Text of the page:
In a statement released Wednesday evening backing Obama’s decision, Reid said that his personal view is that marriage is between a man and a woman but that “in a civil society, I believe that people should be able to marry whomever they want, and it’s no business of mine if two men or two women want to get married. The idea that allowing two loving, committed people to marry would have any impact on my life, or on my family’s life, always struck me as absurd.” He added that the issue should be left to the states.
Reid said today that gay marriage would likely be part of the Democratic platform at this summer’s Democratic convention in Charlotte, N.C. “The president is in favor of it. I’m sure it will be,” Reid said.
Despite the eagerness with which many Democrats have embraced the president’s announcement, Obama’s move could put pressure on moderate Democrats from states where gay marriage is still controversial.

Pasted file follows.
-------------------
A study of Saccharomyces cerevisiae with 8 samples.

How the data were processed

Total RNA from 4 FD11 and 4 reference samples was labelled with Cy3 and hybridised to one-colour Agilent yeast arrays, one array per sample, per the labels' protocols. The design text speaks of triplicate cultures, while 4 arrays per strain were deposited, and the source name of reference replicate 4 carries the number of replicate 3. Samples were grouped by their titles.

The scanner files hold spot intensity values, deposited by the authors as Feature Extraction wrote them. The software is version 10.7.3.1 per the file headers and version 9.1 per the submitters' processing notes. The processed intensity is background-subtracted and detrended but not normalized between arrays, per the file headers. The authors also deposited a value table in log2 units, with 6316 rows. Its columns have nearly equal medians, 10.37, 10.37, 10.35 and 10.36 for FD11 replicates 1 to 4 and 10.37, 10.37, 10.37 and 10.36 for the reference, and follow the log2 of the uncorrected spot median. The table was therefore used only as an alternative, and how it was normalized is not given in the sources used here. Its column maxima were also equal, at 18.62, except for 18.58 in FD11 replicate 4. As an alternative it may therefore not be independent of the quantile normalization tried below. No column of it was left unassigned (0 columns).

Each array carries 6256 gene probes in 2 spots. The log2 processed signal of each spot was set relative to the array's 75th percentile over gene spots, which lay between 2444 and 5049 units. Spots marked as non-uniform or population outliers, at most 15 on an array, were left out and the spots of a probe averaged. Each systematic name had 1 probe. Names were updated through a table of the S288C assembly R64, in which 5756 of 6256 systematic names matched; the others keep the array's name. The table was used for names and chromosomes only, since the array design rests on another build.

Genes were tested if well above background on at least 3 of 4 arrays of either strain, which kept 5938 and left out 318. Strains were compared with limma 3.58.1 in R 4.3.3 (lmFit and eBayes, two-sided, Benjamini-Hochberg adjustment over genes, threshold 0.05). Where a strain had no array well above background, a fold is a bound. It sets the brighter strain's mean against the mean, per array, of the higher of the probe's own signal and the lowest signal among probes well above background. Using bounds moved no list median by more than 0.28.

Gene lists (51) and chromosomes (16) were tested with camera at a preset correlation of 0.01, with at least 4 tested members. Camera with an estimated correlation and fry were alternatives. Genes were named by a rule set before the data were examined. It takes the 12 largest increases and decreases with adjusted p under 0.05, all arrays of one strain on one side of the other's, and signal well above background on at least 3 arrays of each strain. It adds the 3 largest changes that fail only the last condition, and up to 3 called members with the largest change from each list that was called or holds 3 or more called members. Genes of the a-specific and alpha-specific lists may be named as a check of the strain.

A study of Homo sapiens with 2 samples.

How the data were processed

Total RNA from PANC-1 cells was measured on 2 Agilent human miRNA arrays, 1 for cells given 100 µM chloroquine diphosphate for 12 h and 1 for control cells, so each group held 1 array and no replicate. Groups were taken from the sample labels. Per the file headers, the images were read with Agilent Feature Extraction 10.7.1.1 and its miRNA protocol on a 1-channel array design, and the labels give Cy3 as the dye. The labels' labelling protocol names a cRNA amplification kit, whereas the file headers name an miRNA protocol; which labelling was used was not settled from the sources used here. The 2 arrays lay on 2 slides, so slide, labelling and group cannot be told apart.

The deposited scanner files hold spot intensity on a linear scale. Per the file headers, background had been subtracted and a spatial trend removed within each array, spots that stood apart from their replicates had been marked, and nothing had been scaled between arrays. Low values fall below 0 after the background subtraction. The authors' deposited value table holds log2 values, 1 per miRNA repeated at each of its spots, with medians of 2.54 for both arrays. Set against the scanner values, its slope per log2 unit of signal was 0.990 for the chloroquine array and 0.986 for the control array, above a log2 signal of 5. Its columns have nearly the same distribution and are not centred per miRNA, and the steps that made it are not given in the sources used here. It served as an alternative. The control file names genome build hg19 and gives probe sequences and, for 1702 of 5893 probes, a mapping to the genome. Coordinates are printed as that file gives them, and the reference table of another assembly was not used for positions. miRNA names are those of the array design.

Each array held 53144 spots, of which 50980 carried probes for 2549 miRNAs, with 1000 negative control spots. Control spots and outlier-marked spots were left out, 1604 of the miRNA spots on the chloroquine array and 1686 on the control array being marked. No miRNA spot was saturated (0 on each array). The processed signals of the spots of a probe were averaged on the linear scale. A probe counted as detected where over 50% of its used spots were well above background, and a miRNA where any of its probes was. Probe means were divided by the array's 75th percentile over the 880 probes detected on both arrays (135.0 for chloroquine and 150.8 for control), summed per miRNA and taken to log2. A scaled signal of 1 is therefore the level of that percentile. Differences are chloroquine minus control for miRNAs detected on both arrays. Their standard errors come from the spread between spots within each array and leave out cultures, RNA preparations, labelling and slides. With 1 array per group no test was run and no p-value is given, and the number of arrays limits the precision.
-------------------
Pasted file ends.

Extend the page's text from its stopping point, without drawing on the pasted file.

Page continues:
Sen. Charles Schumer (D-N.Y.) said it remains to be seen what the political affect will be on vulnerable Democrats.
“I think what most people have said is correct — you can’t tell the political purpose,” said Schumer, who is head of the Senate Democrats’ policy and communications arm. “This is an issue that has been evolving and evolving rather quickly, and anyone who can say on Oct. 1 this will be the effect is smarter than me.”
Terri Henderson, 6, center, whose mother is El Salvador, attends a rally with members of Congress at Union Station's Columbus Circle to announce the Restore Opportunity, Strengthen, and Improve the Economy (ROSIE) Act on July 29, 2014. The legislation provides incentives for government contractors to pay a living wage and other benefits that would help low-income workers.